Championing Connection and Community in Minneapolis 

Meet Minneapolis’s CEO Melvin Tennant shares how the DMO is addressing stress from the pandemic, George Floyd’s murder, and other world events with strategies and policies designed to support employees and the community.

Author: Barbara Palmer       

Melvin Tennant

“We Need Us!” campaign posters adorned buildings, billboards, and windows in seven Minneapolis neighborhoods. Meet Minneapolis designed the campaign to rally the community’s support for local Minneapolis businesses.

On top of dealing with the pandemic, Minneapolis suffered the additional trauma of being the city where George Floyd was murdered by a police officer. Globally, the shared experience of witnessing Floyd’s death via video during a time when much of the world was in lockdown sparked a widespread movement toward racial justice and equity. Inside Meet Minneapolis, the pandemic and Floyd’s killing helped create what Melvin Tennant, CAE, the DMO’s president and CEO, called “an accelerated evolution” of strategies and policies designed to support employees and the community.

Melvin Tennant

Melvin Tennant

In May 2020, soon after Floyd’s death, Tennant held a Zoom staff meeting where every team member was given the opportunity to talk about their experience, and since then, Meet Minneapolis leadership has continued to ask staff how they are feeling, he said. The organization had a wellness committee in place before the pandemic, but it became more hands-on and responsive to staff feedback, Tennant added. “We’ve done a lot of surveys over the last couple of years of the team to check on how people are doing and how they think things are going. Over the last two years, we certainly have been through a number of challenges, but it has made us a lot stronger and much more galvanized as a team,” Tennant told Convene. “I believe that it’s mainly because we have involved the team in most of the major decisions that involve our operation — whether it’s how we return to work, what sort of initiatives are included in our work plan, and the way in which we position the city.”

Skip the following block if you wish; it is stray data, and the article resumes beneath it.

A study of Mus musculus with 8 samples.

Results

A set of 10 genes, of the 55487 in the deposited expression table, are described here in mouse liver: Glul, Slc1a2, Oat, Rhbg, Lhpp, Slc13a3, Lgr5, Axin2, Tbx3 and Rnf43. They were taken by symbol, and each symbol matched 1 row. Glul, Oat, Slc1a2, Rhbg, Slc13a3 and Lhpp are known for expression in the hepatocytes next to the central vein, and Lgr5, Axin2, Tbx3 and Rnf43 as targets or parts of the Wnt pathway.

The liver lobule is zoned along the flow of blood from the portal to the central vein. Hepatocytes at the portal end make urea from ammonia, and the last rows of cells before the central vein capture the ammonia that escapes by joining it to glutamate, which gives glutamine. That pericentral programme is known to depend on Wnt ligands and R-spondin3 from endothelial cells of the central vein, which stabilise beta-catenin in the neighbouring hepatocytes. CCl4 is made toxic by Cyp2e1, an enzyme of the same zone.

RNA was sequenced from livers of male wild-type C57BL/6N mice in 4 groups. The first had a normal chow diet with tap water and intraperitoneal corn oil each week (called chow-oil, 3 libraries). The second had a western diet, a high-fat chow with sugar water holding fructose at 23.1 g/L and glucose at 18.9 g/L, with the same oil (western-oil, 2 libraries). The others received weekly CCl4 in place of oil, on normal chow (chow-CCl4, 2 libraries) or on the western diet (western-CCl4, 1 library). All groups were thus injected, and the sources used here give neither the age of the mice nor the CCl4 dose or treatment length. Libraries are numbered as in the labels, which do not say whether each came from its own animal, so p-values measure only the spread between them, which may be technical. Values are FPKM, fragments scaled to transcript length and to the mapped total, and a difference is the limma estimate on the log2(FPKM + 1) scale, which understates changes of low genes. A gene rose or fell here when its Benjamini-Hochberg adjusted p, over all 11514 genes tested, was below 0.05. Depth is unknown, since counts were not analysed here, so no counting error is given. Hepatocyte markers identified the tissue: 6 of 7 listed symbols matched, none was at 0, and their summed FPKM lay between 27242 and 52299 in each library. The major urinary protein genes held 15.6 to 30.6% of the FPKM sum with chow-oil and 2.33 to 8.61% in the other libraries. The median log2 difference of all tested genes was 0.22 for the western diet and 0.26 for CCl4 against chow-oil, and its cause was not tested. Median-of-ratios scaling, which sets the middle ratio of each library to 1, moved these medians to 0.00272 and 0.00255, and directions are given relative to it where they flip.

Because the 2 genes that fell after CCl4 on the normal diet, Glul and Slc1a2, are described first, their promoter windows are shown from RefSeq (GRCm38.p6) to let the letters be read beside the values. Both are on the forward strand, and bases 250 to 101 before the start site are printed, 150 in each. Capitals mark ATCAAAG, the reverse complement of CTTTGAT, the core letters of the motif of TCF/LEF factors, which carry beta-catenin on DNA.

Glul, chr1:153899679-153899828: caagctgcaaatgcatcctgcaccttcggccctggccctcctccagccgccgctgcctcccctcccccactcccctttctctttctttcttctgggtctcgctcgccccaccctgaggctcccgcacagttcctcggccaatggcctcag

Like a lot of organizations, Meet Minneapolis has added some additional benefits over the last couple of years, Tennant said, including allowing staff to carry over vacation because of the uncertainty of travel during the pandemic. And as staff began this spring to come back to work in person on a hybrid schedule, the organization’s policy is to remain flexible.

“The pandemic has made it harder for people to compartmentalize their lives,” Tennant said. “You look at Zoom meetings and a child may run up, or a pet may come into the picture, or you’ll hear workers in the background doing some sort of repair on someone’s home. … We’ve grown to be much more understanding and compassionate about the ways that people live their lives holistically. So now that we’re beginning to come back to work, we still need to respect the fact that those boundaries have been blurred.”

The organization currently has a hybrid work environment with 60 percent of time spent in person at the office and 40 percent remote, “but there really is no policing of it,” Tennant said. “It’s allowing people to be as flexible as they need to be, but it’s understanding that we have to welcome the whole person to work.”

Meet Minneapolis had always encouraged staff to give of themselves as they see fit, Tennant said, but an organic movement by staff to find ways to volunteer in South Minneapolis, where Floyd died, has led to a formal policy of community-related volunteer work. Staff are given up to 40 hours a year of paid time off to participate in community-related projects and a community-service component now is included in performance evaluations, he added. The policy “makes sure that we have a direct, tangible connection with the community we are charged with representing. It would be very easy for us to do it at arm’s length, but this really gives us those connections to the community.”

Community engagement is also behind the work Meet Minneapolis is doing in partnership with seven cultural districts, communicating the diversity and history of the residents who live there and promoting the richness of experiences available to visitors in those areas. The districts include Franklin Avenue East, a corridor filled with Native American galleries and public art and historically a gathering place for the city’s indigenous population, and 38th Street, which includes George Floyd Square. “Those are areas that really help fully tell the story of Minneapolis and further reinforce the fact that we’re moving toward ways of telling our story [in terms of ] who we are versus what we have — who are we as a city versus what are our assets.”

The changes made to staff policies aren’t rocket science, Tennant said. “It’s simply a matter of keeping the lines of communication open and encouraging people to bring their whole selves to work.” In 2021, Meet Minneapolis retained almost 90 percent of its staff, he added. “That tells me people want to work here and I’m very happy about that. And that sort of defies what we’ve heard about the Great Resignation — at least in our little corner of the world.”

Barbara Palmer is deputy editor at Convene.